On January 9, the Arizona Supreme Court declined to hear a legal challenge to the state’s newest educational voucher programs–one for foster children, the other for special-needs children.
The special-action lawsuit filed on November 14, 2006 by the Arizona chapter of the American Civil Liberties Union, People for the American Way, and three Arizona residents contended the programs violate the state constitution’s provision against using public funds for religious and sectarian schools.
The programs provide state-funded scholarships for foster children and disabled children to attend the schools of their families’ choosing, public or private.
“We consider [the court’s decision] a first-round victory,” said Tim Keller, executive director of the Arizona chapter of the Institute for Justice, which represented parents who want to use the state-funded scholarships for their children’s education.
The challengers asked the Arizona Supreme Court to accept the case directly, thereby bypassing the trial court system. The high court’s ruling means school choice opponents can file again, this time in the lower courts.
Keller said he expects a legal challenge to come soon. A new filing would “allow school choice supporters to build a record that will demonstrate the benefits of school choice,” he said.
“I think it will be a good thing if we get to put school choice on trial,” Keller added.
Don Peters, the plaintiffs’ attorney, confirmed Keller’s expectations: His clients will file their complaint in trial court, though he didn’t say when.
Peters said he and his clients were “surprised and disappointed” by the state supreme court’s ruling.
“I think it’s important for everyone to know [whether vouchers are legal in Arizona] because these are the first voucher statutes enacted in Arizona,” Peters said. “The legislature needs to know one way or another.”
Just before the state supreme court’s ruling, the Institute for Justice released a report showing Arizona already has six different educational voucher programs. The total annual cost is $22 million–more than four times the cost of the programs for foster children and disabled children helping more than 22,000 Arizona students annually to attend the schools of their choice.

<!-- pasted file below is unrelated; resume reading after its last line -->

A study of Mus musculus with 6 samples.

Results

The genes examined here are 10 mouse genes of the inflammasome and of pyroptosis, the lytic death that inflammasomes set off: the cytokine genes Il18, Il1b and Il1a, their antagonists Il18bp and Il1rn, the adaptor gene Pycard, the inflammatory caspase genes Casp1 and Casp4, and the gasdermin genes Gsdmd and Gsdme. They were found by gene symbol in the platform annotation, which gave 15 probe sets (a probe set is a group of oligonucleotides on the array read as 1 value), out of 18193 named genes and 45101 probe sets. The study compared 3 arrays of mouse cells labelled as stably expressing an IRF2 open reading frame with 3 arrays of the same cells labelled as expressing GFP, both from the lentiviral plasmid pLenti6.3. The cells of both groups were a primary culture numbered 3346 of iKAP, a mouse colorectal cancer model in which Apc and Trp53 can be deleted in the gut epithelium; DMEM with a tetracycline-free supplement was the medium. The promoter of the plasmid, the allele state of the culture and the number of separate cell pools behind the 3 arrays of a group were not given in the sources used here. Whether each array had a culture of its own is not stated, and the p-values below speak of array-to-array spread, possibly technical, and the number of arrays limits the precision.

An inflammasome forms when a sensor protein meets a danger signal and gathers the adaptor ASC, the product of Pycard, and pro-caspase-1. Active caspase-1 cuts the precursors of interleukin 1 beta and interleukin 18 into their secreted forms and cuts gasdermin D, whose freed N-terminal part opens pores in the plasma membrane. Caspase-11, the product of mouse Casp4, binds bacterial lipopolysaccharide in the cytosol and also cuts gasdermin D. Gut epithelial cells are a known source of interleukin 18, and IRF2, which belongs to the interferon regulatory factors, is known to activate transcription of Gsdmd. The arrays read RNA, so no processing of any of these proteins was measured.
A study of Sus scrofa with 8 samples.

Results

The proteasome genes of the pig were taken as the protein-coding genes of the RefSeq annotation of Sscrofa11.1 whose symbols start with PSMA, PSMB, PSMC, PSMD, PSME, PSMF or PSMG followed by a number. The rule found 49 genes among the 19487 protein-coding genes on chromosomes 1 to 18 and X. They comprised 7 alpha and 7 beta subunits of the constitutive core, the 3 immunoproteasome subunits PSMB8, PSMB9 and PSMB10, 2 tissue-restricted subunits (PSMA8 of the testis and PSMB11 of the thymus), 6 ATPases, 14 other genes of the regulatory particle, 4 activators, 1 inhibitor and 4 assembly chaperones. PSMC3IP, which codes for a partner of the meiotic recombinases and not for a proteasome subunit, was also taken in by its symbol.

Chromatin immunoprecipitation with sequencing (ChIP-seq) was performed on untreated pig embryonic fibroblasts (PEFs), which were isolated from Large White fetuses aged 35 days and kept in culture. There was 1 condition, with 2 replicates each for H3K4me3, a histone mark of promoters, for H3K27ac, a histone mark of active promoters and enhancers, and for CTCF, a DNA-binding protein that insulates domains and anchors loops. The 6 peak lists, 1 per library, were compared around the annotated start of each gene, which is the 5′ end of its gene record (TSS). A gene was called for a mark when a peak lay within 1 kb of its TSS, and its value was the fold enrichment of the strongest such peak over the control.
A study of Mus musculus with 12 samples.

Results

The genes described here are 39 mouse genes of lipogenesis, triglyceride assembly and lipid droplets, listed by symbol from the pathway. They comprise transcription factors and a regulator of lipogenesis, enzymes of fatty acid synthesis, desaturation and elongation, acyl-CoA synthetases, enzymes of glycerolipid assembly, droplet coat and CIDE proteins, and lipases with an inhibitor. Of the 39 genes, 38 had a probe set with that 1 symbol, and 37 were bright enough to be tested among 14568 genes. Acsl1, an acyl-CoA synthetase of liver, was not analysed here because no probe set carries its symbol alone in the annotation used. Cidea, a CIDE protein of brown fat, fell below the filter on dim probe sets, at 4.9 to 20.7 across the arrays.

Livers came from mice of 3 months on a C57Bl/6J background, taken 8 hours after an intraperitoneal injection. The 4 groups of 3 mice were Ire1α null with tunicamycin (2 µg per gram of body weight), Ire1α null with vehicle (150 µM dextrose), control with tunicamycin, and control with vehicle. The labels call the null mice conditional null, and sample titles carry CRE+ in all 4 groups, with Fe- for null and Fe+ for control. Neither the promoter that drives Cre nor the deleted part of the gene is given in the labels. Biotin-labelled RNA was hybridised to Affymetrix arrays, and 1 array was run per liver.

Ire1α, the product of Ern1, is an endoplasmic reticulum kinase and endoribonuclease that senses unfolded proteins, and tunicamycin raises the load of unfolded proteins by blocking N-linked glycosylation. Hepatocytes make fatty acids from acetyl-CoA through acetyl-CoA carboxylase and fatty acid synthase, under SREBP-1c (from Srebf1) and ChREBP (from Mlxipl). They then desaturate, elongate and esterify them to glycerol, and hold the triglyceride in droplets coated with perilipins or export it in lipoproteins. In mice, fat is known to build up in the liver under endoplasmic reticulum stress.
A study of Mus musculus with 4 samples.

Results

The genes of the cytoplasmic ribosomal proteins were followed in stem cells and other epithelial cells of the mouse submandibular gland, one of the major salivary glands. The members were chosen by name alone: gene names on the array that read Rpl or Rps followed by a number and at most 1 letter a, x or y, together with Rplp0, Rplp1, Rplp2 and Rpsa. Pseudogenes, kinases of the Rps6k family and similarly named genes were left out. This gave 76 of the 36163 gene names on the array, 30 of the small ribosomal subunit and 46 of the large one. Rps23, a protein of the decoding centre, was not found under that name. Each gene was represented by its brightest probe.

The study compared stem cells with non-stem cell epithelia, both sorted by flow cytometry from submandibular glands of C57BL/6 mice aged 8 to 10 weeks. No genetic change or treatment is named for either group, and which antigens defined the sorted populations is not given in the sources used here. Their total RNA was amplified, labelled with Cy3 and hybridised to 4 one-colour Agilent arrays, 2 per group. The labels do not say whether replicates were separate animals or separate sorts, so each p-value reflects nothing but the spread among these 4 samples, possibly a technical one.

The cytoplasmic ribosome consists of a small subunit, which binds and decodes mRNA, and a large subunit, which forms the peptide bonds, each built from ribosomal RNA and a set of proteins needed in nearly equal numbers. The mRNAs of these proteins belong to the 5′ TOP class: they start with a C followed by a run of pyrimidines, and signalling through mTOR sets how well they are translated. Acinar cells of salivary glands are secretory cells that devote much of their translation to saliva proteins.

“If the voucher programs described in this report are constitutional and sound policy (as school choice opponents tacitly admit by failing to challenge them legally or in the court of public opinion),” the report states, “why aren’t publicly funded scholarships for foster and disabled students?”
For example, the Leveraging Educational Assistance Partnership (LEAP) program gives qualifying college students grants to spend at any postsecondary institution of their choice, public or private. Established in 1976, the program awarded 4,131 grants worth $2.8 million in the 2005-06 academic year.
The Institute for Justice has long maintained that these programs, like the two newest programs, do not favor religious instruction.
“It can’t be said that the state is in any way supporting religion over non-religion,” Keller insisted. “The programs on their face are completely neutral and allow parents to make the choice.”
Hilary Masell Oswald ([email protected]) writes from Illinois.
For more information …
“Private Choice in Public Programs: How private institutions secure social services for Arizonans,” by Dick M. Carpenter II, Ph.D. and Sara Peterson, published in January 2007 by the Institute for Justice, is available through PolicyBot™, The Heartland Institute’s free online research database. Point your Web browser to http://www.policybot.org and search for document #20600.